I’d like to take a moment to address a topic that’s dominated the news cycle over the past month: sexual harassment, abuse, and assault. It’s been horrifying and heartbreaking to read so many accounts of sexual misconduct at the hands of powerful men like Harvey Weinstein and Louis C.K.
These headlines have raised important concerns about how we can prevent this behavior and hammer in the importance of consent. It’s also vital that we all do our part to not contribute to a toxic culture that lets sexual harassment go unpunished.
CNN has a helpful guide on how to address these issues at the workplace. I recommend reading it.
Harassment is an issue that obviously runs much deeper than basic etiquette, but it’s important to remember what constitutes as acceptable behavior in the office. As a small business owner, it’s also important to lead by example. I wouldn’t make risque or off-color remarks in a professional setting, and I wouldn’t tolerate an employee who did.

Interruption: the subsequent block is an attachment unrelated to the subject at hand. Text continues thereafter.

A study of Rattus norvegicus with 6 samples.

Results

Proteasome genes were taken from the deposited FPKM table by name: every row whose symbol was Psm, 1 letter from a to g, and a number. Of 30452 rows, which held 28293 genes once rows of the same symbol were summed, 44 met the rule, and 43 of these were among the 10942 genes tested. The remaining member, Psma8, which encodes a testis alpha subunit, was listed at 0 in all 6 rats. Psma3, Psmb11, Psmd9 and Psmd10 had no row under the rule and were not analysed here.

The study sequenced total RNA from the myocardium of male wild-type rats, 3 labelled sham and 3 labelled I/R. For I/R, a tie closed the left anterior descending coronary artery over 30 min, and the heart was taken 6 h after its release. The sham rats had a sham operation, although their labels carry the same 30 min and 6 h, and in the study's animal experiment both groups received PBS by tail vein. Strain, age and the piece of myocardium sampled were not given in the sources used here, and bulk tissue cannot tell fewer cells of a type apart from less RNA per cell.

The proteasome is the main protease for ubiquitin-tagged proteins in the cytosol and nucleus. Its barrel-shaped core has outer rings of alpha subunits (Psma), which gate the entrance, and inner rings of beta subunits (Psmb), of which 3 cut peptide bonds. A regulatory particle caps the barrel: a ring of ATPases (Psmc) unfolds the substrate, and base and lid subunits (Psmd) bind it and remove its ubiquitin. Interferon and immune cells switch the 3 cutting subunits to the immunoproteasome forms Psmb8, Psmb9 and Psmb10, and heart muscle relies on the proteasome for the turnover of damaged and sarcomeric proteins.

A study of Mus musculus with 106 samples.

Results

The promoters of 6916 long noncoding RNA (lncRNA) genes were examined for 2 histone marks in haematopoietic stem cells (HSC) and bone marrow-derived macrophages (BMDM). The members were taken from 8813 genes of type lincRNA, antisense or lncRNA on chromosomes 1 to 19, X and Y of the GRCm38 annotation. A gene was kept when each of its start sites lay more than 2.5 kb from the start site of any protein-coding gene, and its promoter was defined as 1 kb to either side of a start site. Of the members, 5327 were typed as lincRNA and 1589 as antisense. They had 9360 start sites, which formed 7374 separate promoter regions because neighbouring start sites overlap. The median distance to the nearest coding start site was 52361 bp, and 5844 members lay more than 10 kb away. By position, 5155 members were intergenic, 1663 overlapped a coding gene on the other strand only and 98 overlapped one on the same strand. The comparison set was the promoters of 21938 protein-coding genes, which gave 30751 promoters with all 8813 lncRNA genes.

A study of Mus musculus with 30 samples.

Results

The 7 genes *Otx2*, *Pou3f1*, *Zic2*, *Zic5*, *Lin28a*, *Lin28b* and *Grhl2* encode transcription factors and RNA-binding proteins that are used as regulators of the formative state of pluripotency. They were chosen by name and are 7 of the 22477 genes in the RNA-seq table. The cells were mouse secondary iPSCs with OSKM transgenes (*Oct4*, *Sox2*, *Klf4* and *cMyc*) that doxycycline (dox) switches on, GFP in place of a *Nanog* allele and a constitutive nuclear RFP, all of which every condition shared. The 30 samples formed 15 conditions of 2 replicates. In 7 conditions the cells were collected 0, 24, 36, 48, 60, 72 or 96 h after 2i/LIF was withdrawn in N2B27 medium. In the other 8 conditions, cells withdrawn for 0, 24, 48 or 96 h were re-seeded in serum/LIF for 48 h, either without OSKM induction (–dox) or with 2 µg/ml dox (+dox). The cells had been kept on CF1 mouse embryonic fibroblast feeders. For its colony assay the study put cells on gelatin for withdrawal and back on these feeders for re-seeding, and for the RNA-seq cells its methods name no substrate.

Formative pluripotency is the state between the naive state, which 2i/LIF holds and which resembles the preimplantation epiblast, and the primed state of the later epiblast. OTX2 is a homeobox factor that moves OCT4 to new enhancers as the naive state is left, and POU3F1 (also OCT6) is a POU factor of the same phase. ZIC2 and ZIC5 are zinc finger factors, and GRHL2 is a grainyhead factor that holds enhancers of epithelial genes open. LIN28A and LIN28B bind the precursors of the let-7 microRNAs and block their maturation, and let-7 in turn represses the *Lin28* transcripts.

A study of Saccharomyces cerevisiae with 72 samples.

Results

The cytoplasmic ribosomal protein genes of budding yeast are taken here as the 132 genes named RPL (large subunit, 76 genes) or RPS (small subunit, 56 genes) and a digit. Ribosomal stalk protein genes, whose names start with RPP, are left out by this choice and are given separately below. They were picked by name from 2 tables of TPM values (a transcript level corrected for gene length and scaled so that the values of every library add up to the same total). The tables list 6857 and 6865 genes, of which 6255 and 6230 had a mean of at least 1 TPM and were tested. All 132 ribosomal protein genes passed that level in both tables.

It’s also important to consider how we speak and approach others at work. You’re at the office, not some bar knocking back martinis with your best buds. Keep your hands to yourself and leave any racy remarks or overly intimate details left unsaid. You may think a hand on the knee is harmless, but it’s inappropriate.
As a former HR professional, I also think it’s important to observe the rules your company has set up. Plenty of people meet their significant others at work, but is it allowed? Check your company policy and consult HR if necessary. Transparency is really important.
And if a colleague comes to you with a complaint about someone in the company, hear him or her out. It’s not up to you to judge, but you should take their concerns seriously. Urge them to speak with HR and let them know that they have your support. Yes, a person is innocent until proven guilty, but there should be a process to establish that.